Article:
A week at the beach, watching the tide roll in and people walk by, relaxes and energizes the soul
The drive from the high valley of Paute to the sprawling beaches of Ecuador’s central coast takes all day. We left a little after dawn and arrived just in time to order a celebratory cocktail as our fatigue and the blinding heat of the afternoon faded into the lighthearted hues of sunset.
What a beautiful close to the day! Pelicans swept the surf, feasting on careless fish. Couples with children crowded the beach farthest from the waves with umbrellas, shaggy towels, plastic scoops, colorful buckets, and sand-crusted action figures. Rambunctious surfers skimmed the cresting waves, trying to catch a ride ashore while a steady stream of joggers, couples walking hand-in-hand, and local folks riding rusted-out bikes pushing “pop-up” ceviche and coconut stands meandered up and down the beach with the same predictability as the changing tide. It was just as we expected: peaceful, exquisitely beautiful, and without the slightest whiff of the troubles souring the far northern coastline.
However, changes are afoot all along the coast, sparing only a few from the impact of accelerating coastal development on the intrinsic nature of local communities. Without firm controls and local planning, the loveliest beaches and most sublime coves may soon become the exclusive playgrounds of the elites — even at the expense of the families that have lived on the shore for generations. We must ensure this does not happen; displacing the established population is a disruptive process that can take generations to become whole again.
Besides, bunches of folks living in the coastal villages spread along the beaches are content to maintain the laid-back vibe for which the coast is famous. Among my fonder memories are watching folks riding their bikes at a speed more often reserved for old gringos in wheelchairs and teenagers standing around in small pods, waiting for something to comment on, be it a familiar car passing by, someone’s outlandish new blouse, or a pushcart followed by a straining kid delivering homewares and building material to someone who lives down the road a piece.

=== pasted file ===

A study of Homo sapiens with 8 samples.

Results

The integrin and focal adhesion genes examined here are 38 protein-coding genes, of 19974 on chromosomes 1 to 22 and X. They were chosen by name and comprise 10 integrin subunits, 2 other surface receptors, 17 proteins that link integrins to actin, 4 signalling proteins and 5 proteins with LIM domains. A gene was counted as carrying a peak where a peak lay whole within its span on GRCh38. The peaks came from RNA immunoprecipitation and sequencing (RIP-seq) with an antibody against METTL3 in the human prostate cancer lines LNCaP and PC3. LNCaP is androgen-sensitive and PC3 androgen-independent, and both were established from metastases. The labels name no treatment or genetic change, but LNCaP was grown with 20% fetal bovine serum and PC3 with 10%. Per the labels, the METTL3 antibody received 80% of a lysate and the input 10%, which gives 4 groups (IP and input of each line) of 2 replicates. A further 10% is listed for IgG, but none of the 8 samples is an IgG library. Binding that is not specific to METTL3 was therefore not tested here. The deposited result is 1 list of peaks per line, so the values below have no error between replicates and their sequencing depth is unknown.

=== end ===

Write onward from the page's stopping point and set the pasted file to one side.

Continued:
Listening to the endless undercurrent in sync with the tides is one of life’s greatest pleasures. Time glides up and down the sand with the precision of a vintage pendulum keeping pace with an ancient grandfather clock, a pace set by the mesmerizing push and pull of the moon’s alluring call.
One of the more common cautionary tales I heard before my trip was the necessity of avoiding Ecuador’s Mecca of Surfdom, Montanita. I was led to believe that the town was a warren of feral surf rats and young punks with too much bad ink on their arms and too much idle time on their hands, neither of which proved to be true. I enjoyed the youthful enthusiasm for comradery and watermen’s respect for one another.
When folks on the beach chanted, ‘roll out the barrels’, they are not referring to kegs of beer, but a barrel in the wave — a hollow airspace between the face of the wave and the lip that provides the best ride. Those who successfully catch such a wave ride “a bomb”, those who fall get “rag-dolled.”
The surfers I watched were all in good shape and clear-headed. They were committed to their sport and set lofty goals to improve their balance and strengthen their determination to be the best they can be. These are athletes anxious for the surf, not suds.
The abundance of old-style net fishing is of equal or even greater importance to the cultural identity of many communities. Starting in the earliest light and going straight through the last spark of dusk, dozens of fishers set their nets on the surf and pull their catch to shore.
It is difficult, back-breaking work hauling net, and often, all they catch is water and another opportunity to set their net. Again and again, they cast their fate to the sea for their dinner and perhaps an extra portion, or so, to sell to a fish joint tethered to the shore.
It is a routine that is as old as recorded time, and maybe earlier, for a single reason: it is sustainable.
“You take what you need and leave the rest. And, never take the very best.”
Montanita is a pretty town, although it is a bit worn around the edges. It is chock-a-block with restaurants and inviting little shops that appear to open when it cools — long after the sun goes down. I was certainly surprised when I ordered a pizza for lunch and was told, “No problem. We will have it ready by 8 p.m. We open the doors a little after 7.”
Although I was way too early for almost everything, I found a cute seafood place that was just fine. The food was predictable, properly cooked, and well-presented.
Our week on the beach was both relaxing and energizing. We are already anxious to return to Ecuador’s central coast to explore some of the hidden jewels we overlooked and just to lie back and watch the world turn on an axis of water again and again and forever after.